A former Charleston state senator avoided prison time Thursday, but will have to serve 350 hours of community service and repay nearly $70,000 after pleading guilty to four ethics-related charges.
A circuit judge sentenced State Sen. Robert Ford, D-Charleston, to a total of 12 years in prison for the charges, but suspended the sentence in favor of five years probation, $69,000 restitution, and community service.
Ford had agreed to plead guilty back in January to two counts of False Reporting, one for Misconduct, and another for Forgery. He was given seven years suspended on the misconduct charge, three for forgery, and one year each on the false reporting charges. He was given five years probation for each conviction, to be served concurrently.
Circuit Judge Robert Hood mentioned recent examples of other state politicians avoided prison on ethics charges before making his ruling. Former lieutenant governor Ken Ard also received five years probation and community service in 2012 on seven counts related to illegal personal reimbursements and filing false campaign reports. Former House Speaker Bobby Harrell had a prison sentence suspended last year in favor of three years probation and a $30,000 fine after pleading guilty to six counts of using campaign funds for personal expenses. Both of those men were Republicans.
“People are fed out of the same spoon,” Judge Hood said, saying he wanted to avoid the appearance of “sentencing disparity.” He also noted Ford’s lack of a previous criminal history and his 66 years in age.
Ford admitted to the violations, but claimed he never personally benefited from them and was being targeted for political reasons. “When he says ‘personal use’ on clothes, that’s for veterans,” he told reporters after his sentencing. “I have three veterans programs a year. The whole Senate knows that… what they did to me in the last two years was totally inhuman and not necessary.”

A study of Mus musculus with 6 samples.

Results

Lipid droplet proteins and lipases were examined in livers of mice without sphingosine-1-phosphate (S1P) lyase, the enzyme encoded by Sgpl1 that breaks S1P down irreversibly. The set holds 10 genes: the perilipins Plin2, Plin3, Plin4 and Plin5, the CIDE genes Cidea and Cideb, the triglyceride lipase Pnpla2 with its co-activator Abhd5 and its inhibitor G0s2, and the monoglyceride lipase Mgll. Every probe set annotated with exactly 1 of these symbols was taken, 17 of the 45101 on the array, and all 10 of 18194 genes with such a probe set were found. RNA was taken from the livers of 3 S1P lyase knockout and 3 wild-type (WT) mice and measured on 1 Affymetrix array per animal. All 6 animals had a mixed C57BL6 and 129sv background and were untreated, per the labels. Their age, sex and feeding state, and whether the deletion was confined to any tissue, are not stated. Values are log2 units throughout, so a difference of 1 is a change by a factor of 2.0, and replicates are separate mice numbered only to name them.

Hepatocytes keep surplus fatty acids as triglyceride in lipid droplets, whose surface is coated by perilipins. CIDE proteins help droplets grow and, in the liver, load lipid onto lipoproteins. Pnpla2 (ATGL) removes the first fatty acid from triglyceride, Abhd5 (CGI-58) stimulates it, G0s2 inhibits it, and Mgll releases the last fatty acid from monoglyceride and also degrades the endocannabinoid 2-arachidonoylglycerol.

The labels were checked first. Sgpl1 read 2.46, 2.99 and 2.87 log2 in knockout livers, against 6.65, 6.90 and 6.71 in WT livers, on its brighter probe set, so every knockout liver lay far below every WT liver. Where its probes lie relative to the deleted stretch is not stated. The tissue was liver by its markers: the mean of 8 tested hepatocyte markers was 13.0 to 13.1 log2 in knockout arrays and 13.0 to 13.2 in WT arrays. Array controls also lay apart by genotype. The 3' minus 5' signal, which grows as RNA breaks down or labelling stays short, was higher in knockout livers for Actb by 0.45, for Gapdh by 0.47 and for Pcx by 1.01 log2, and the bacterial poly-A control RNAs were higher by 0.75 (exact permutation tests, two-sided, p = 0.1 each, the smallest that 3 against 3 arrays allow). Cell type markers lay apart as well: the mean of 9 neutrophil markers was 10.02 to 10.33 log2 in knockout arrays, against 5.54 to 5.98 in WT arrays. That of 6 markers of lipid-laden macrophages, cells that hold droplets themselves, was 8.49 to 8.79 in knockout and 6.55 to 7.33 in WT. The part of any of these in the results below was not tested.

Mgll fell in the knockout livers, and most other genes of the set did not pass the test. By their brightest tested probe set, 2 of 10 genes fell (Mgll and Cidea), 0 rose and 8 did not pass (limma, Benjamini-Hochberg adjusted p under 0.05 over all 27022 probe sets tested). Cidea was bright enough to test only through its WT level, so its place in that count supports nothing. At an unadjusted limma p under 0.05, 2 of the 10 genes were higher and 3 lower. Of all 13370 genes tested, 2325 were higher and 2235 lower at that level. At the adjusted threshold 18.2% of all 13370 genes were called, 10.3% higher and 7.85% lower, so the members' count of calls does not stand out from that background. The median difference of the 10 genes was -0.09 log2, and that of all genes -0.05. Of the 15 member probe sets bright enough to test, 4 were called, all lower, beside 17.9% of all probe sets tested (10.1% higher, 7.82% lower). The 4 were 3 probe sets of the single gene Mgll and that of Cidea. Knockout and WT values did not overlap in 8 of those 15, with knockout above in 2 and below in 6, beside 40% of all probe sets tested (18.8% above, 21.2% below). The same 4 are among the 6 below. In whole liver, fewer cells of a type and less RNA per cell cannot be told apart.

Prosecutors from the state Attorney General’s Office argued Ford undoubtedly benefited personally from converting the campaign funds for a gym membership, clothing, car payments, and adult entertainment. Ford had argued the items were meant as gifts for staff and constituents.
But lead prosecutor Creighton Waters argued Ford knew what he was doing was wrong. “Some of this personal use was undeniable and no one in their right mind can can claim that’s okay,” he told the court Thursday.
Ford resigned in May 2013 after a Senate Ethics Committee investigation showed he had made dozens of questionable purchases with campaign funds. He cited health problems at the time, but the resignation came a day after the Ethics Committee revealed its findings in a public hearing.
During that 2013 hearing, a staffer laid out financial documents and bank records that he said showed discrepancies in what Ford reported as donations and expenses versus what bank records showed. The Ethics Committee staffer Lynn Odom said expenses that appeared to be personal were not reported on campaign disclosure forms, even though they were made with campaign funds. The state Attorney General’s Office said Ford also deposited thousands of dollars in campaign expenses into his personal bank account, rather than a special campaign account as state law requires. Prosecutors said Ford submitted “altered” checks while his campaign fund was being investigated.
Ford’s attorney William Runyon has maintained that Ford was simply a bad bookkeeper who improperly used his personal bank account to handle his campaign expenses.